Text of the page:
A small town surrounded by farms has become the first in France to ban the use of pesticides within 50m of homes as fears grow that they may be to blame for a rise in cancers and other illnesses.
The ban was introduced in Saint-Jean, near the southern city of Toulouse, after a long campaign by doctor and deputy mayor, Gerard Bapt.
He argues that the health risk posed by pesticides is clear from the higher incidence of cancers in some agricultural areas, including Bordeaux, where winegrowers routinely spray their vines with the powerful chemicals.
"Research shows that people living near areas where pesticides are used are more affected by some diseases: endocrinal hormone disruption, diabetes and obesity, hormone-dependent cancers, cancer of the blood, male and female fertility problems and birth defects," Bapt said.
"Recently pesticides were sprayed next to homes where vulnerable people such as pregnant women or young children might have been exposed. The pesticides used are found in water, with traces of pesticides in nine out of 10 rivers and streams in France."
Some local farmers who say their crops will suffer are threatening legal action to challenge the ban. Undeterred, the local authorities have also outlawed the use of weedkillers in ditches that collect rainwater.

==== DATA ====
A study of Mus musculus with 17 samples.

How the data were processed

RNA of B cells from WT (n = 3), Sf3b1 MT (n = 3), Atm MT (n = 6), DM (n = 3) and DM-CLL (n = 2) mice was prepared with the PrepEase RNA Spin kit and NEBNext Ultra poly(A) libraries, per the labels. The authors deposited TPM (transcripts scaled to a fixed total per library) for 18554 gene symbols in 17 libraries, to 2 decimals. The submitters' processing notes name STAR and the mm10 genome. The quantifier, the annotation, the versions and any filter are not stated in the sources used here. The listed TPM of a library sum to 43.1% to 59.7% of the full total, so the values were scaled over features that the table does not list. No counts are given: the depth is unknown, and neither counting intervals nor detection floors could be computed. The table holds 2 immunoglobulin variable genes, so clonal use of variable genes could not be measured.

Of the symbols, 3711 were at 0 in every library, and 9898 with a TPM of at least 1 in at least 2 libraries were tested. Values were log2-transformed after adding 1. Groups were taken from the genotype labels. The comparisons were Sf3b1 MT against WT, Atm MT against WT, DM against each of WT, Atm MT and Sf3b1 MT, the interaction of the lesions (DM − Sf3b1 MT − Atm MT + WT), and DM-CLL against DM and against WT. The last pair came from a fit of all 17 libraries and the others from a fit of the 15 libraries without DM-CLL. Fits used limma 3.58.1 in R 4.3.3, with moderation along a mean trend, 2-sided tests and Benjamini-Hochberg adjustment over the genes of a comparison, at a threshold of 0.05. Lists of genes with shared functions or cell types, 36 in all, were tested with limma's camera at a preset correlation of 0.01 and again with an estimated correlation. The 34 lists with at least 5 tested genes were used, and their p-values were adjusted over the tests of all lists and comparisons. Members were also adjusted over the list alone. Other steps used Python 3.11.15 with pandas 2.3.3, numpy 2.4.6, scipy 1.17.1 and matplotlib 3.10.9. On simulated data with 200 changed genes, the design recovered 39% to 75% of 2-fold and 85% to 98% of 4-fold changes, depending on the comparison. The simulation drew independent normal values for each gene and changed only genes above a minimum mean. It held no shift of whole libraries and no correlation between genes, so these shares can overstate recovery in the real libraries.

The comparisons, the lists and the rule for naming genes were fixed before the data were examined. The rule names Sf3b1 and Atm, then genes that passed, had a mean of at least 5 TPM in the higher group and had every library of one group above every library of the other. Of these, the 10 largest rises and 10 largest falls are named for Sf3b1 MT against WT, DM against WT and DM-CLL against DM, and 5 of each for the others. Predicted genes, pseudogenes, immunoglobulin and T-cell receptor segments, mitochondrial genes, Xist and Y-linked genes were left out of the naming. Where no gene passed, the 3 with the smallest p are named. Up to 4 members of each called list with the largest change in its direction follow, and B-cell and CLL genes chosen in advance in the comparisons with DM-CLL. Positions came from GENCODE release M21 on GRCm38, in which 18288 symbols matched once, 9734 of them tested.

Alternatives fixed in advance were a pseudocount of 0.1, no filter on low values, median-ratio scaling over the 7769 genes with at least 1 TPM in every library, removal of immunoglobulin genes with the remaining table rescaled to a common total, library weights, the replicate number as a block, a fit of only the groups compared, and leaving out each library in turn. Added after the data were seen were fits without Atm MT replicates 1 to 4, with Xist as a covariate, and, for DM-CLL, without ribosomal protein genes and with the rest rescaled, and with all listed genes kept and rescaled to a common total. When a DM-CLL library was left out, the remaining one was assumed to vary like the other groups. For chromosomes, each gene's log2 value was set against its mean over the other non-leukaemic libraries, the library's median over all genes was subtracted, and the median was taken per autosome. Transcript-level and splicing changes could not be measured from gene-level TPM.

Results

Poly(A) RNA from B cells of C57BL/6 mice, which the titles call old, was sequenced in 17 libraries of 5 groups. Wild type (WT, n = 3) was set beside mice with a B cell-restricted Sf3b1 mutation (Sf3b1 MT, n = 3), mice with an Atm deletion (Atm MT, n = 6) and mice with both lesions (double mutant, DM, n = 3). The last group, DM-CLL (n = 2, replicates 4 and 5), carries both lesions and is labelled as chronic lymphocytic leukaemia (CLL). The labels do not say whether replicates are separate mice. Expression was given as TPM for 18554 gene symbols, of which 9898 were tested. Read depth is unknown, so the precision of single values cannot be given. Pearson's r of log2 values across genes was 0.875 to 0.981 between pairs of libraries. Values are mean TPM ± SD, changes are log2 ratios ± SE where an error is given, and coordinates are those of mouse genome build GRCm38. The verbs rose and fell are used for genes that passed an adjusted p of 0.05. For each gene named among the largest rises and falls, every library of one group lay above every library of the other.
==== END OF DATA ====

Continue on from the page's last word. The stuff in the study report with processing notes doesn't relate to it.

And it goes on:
Bapt wants to go still further: "We must change farming practices and use organic methods and crop rotation."
Alarm is spreading over the use of pesticides in Bordeaux vineyards. A higher than normal incidence of cancers has been found among children in Villeneuve-de-Blaye who attend a school beside a vineyard.
Residents have formed associations to lobby winegrowers to reduce the use of pesticides in Bordeaux, while organic wines are gaining popularity, with sales up by more than 15 per cent.
The French National Health and Research Institute said in a 2013 report that "there appears to be a link between exposure at work to pesticides and certain pathologies in adults". It also highlighted the risks of exposure to unborn babies and young children.
The Bordeaux Winegrowers' Committee has agreed to encourage members to reduce the use of pesticides.
In Europe, France is the largest user of pesticides after Spain.
But a French farmer suffering from a blood disease he claimed was caused by pesticides lost a 14-year legal battle for compensation last month, after the court ruled that it could not definitely establish the cause of his illness.